Posted by: Bruce Einhorn on August 30, 2007

The OECD received a lot of well-deserved criticism last December after it came out with a report claiming that China had passed Japan to become the world’s second-biggest investor in R&D, behind only the U.S. My Asiatech blog post about the report, for instance, asked “Is the OECD hyping China’s R&D spending?” The answer: Yes. Now the OECD seems to be making amends. The organization has issued a new paper on innovation in China and thankfully the conclusions seem to be a lot more sober. “China still has a long way to go to build a modern, high-performance national innovation system,” the OECD reports in its press statement announcing the new report. Yes, China has made progress by investing in R&D. But according to the OECD, “much of this [investment] focused on the high-technology sector, updating equipment and facilities, and experimental research for new products rather than on basic research, the foundation of long-term innovation. More investment is needed in sectors such as services, energy, environmental technology and basic research.”

Some other problems, according to the OECD, include a potential shortage of skilled workers in science and technology. In the U.S., it’s popular for people bemoaning the sorry state of American education to point to the vastly higher numbers of science and technology students in Chinese universities, but according to the OECD, China faces a numbers crunch of its own. “In recent years, undergraduate degrees in science have even fallen in absolute terms,” the OECD reports. “China should improve the quality of science education to attract more students, with more emphasis on managerial expertise and entrepreneurship.” The report also criticizes Chinese business for its lack of innovation and points out that the Chinese financial system, dominated by state-owned banks, doesn’t foster an innovative climate for start-ups. And of course there’s the fact that China is the world’s center for trademark, patent and copyright theft. “To encourage domestic firms to innovate and benefit more from closer ties with R&D centres of foreign companies,” the OECD reports, “the government should enforce intellectual property rights (IPRs) more effectively and strengthen competition.” Other than the odd editing - do people really say IPRs instead of IPR? - there’s not much to criticize there.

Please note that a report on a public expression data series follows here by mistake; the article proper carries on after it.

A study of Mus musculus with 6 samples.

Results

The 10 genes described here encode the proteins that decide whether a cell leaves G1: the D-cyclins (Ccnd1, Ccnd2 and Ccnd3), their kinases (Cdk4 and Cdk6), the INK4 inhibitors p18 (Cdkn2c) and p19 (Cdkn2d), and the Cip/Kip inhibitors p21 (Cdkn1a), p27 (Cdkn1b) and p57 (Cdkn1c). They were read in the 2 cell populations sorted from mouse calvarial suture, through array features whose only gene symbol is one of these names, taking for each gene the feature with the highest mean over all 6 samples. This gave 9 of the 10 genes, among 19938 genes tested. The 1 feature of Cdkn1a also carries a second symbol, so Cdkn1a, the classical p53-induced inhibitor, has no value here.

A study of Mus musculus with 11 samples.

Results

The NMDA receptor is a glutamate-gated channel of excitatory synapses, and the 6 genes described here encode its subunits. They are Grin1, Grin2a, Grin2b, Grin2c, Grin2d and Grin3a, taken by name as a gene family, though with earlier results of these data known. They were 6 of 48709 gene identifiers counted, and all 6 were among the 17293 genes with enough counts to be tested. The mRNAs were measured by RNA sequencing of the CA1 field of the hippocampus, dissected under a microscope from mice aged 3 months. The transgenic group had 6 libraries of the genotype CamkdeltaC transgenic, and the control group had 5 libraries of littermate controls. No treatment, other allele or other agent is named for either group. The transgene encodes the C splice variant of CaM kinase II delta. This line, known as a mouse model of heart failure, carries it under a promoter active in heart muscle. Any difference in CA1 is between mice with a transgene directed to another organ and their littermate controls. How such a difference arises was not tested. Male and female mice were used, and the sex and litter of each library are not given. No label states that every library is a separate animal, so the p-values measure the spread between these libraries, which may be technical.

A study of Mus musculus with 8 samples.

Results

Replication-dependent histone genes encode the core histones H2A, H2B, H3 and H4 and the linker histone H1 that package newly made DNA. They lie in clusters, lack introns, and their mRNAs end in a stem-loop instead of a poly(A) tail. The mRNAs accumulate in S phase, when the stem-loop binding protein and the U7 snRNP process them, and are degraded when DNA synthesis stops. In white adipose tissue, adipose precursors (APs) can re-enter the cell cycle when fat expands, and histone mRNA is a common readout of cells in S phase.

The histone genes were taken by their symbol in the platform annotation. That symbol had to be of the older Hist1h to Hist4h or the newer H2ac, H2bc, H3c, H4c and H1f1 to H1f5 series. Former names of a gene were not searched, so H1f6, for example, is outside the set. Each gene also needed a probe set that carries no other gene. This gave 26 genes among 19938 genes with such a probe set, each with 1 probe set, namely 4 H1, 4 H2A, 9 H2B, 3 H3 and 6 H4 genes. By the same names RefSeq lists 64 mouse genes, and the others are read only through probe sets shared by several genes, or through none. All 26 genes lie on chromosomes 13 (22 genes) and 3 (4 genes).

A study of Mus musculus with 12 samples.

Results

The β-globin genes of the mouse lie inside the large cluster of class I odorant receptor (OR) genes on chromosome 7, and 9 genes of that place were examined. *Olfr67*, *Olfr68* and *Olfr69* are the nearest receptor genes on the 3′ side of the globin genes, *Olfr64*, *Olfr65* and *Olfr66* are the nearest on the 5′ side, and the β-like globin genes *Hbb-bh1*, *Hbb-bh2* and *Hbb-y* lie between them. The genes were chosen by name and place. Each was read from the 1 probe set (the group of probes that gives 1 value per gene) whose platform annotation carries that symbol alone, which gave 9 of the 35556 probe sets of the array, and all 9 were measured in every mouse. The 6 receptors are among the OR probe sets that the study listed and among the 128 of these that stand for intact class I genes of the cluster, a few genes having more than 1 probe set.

August 31, 2007 01:47 AM

When OECD came out with the report that China was the second major expender in R & D in term of dollar in PPP, Chinese scientists and personnels state the the report from OECD was wrong since China still buying portion of their equipment abroad so PPP has not effect outside of the native country.
Also, China is in catch-up mode trying to catch up with the West in term of existing technology so no enough basic research since basic research take a long time to become useful.
However, China patents are growing really fast according to WIPO.

Katie Leung

August 31, 2007 09:53 AM

Thank you very much for this article Bruce, thanks for pointing out the flaws of Chinese academic systems and also a big thank you to OECD for making these amends. And i hope these flaws will be tackled as soon as possible to boost developments.Yes Definitely China still has a very very long way to go, and recently Chinese lawmakers just annouced a few adjustments in science laws that scientific failures expenses will be covered and paid for if the scientists can prove that they tried their best, another step in encouraging domestic innovation because before scientific failures were not usually tolerated and that's why there were some cases of scientific frauds in China, but now with this new law, I hope things will get better and I also hope they will come up with more new laws to boost innovation further and enforce laws on protection or IPRs.

Thanks Bruce and as we can see Bruce is not really a pro-China as people said.

Katie Leung

August 31, 2007 09:56 AM

And as we can see from an UN agency report recently that the number of Chinese patents had increased considerably, taking the third place after US and Japan. Hope the number will get bigger and bigger after the new laws.